The Webb Student Center at Old Dominion University was buzzing
a little more than usual October 28th and 29th, as students, and even a few
faculty and staff members, got a chance to test fly the Marine Corps’ very own
F-35B Lightning II Joint Strike Fighter and F/A-18 Hornet.
The Marine Corps Flight Orientation Program travels to
universities across the across the country to show what the Marine air program
has to offer, connecting experienced Marine pilots with potential applicants
for the program. At each school they
visit, they bring along three high-tech flight simulators to give participants
a chance inside the cockpit. Two of the flight simulators are equipped with
full-motion technology, giving the pilot the sensation of actual flight.
Participants take the controls of the Corps’ current breed
of fighter aircraft, and attempt to land on a runway. While the task may seem
simple, the precision control required to maintain a level approach, steady descent
and appropriate speed proved to be more difficult than many had thought.
However, under the expert tutelage of Marine Corps pilot instructors, several were
able to safely land the simulated version of the Corps’ $100 million fighter.
“These are great, I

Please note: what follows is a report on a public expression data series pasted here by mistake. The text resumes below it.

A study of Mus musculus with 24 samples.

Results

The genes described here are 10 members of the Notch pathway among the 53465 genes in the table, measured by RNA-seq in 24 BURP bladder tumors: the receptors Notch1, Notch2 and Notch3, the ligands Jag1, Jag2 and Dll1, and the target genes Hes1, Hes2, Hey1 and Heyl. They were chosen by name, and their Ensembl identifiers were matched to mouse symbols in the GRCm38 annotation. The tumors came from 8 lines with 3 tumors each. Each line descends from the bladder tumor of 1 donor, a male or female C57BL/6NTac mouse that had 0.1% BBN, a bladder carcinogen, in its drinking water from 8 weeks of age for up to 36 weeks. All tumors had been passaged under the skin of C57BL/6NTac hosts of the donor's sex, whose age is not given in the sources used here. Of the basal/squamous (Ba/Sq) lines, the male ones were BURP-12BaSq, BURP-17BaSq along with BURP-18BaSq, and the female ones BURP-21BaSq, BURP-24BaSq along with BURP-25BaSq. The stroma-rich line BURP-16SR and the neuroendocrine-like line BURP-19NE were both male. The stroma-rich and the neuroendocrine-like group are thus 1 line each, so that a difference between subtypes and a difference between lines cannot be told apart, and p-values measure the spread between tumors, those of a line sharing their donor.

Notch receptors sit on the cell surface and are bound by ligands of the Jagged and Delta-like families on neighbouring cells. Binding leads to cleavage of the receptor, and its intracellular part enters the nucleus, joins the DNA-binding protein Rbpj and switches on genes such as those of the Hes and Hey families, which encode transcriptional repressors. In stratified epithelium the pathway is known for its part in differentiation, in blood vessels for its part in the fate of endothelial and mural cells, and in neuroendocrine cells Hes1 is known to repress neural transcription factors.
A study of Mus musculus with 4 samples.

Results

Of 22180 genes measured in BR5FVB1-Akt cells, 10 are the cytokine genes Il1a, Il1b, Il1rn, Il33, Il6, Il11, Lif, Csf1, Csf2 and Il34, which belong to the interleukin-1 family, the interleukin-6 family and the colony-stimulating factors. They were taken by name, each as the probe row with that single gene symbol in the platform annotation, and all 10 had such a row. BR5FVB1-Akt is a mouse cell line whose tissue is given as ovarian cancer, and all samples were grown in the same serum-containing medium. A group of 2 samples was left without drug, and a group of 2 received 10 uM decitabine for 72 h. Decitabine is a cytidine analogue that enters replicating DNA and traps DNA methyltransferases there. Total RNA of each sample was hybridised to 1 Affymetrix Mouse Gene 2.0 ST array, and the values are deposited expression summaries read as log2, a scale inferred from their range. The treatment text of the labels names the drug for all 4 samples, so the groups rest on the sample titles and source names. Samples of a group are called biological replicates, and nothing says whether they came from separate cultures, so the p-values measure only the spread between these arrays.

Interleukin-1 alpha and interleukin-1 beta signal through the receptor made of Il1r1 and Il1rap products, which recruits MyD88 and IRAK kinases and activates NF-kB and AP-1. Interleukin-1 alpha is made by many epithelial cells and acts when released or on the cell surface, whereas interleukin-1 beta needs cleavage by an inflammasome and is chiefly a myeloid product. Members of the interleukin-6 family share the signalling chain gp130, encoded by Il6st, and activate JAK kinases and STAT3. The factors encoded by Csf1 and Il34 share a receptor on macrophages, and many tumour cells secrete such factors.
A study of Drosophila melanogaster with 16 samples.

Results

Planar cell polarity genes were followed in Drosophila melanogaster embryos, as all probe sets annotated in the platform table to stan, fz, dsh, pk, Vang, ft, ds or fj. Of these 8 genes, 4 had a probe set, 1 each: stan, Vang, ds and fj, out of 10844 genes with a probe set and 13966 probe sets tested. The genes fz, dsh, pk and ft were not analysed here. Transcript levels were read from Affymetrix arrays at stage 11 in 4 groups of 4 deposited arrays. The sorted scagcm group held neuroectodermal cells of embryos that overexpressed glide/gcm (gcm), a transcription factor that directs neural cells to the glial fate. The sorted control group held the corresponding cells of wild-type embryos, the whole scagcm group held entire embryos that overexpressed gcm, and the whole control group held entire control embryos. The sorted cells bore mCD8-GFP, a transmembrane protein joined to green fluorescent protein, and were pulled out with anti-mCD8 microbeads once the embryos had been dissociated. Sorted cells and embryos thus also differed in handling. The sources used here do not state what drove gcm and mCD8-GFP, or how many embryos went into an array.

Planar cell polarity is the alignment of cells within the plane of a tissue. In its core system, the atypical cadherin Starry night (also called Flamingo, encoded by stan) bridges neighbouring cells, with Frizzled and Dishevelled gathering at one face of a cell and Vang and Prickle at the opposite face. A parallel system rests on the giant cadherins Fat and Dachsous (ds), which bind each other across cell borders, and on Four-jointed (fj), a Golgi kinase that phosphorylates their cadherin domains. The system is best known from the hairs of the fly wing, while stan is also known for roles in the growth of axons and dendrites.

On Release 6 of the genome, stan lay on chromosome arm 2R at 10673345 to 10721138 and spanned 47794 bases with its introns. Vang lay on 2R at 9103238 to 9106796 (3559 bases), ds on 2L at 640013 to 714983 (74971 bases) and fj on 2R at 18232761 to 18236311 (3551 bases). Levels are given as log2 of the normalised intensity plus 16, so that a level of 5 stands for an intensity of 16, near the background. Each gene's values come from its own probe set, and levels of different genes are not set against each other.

would love to get more practice on them,” said Caleb Fogler, a Newport News,
Va. native studying physics.
Officer selection teams are always seeking out those
potential candidates who may be qualified to fly Marine Corps aircraft. For the
Officer Selection Officers who were at the ODU event, the simulators were a big
“This program generated a lot of interest within the
university,” said 1stLt. Christine Calderon, the Officer Selection Officer from
Officer Selection Station Norfolk, and native of Yorktown, Va. “We generated a lot of leads over the two days
for me to follow up on, and I’d call it a huge success.”
Marine Corps pilots undergo the longest and most extensive
training in the Marine Corps, which can last up to two and a half years.
There are three training schools a candidate must attend after Officer
Candidate School and The Basic Course. The first is a six-week basic aviation
course. The Marine officer will then choose which type of aircraft they will
fly, which will determine the length of further schooling for Primary Flight
Training and Advanced Flight Training.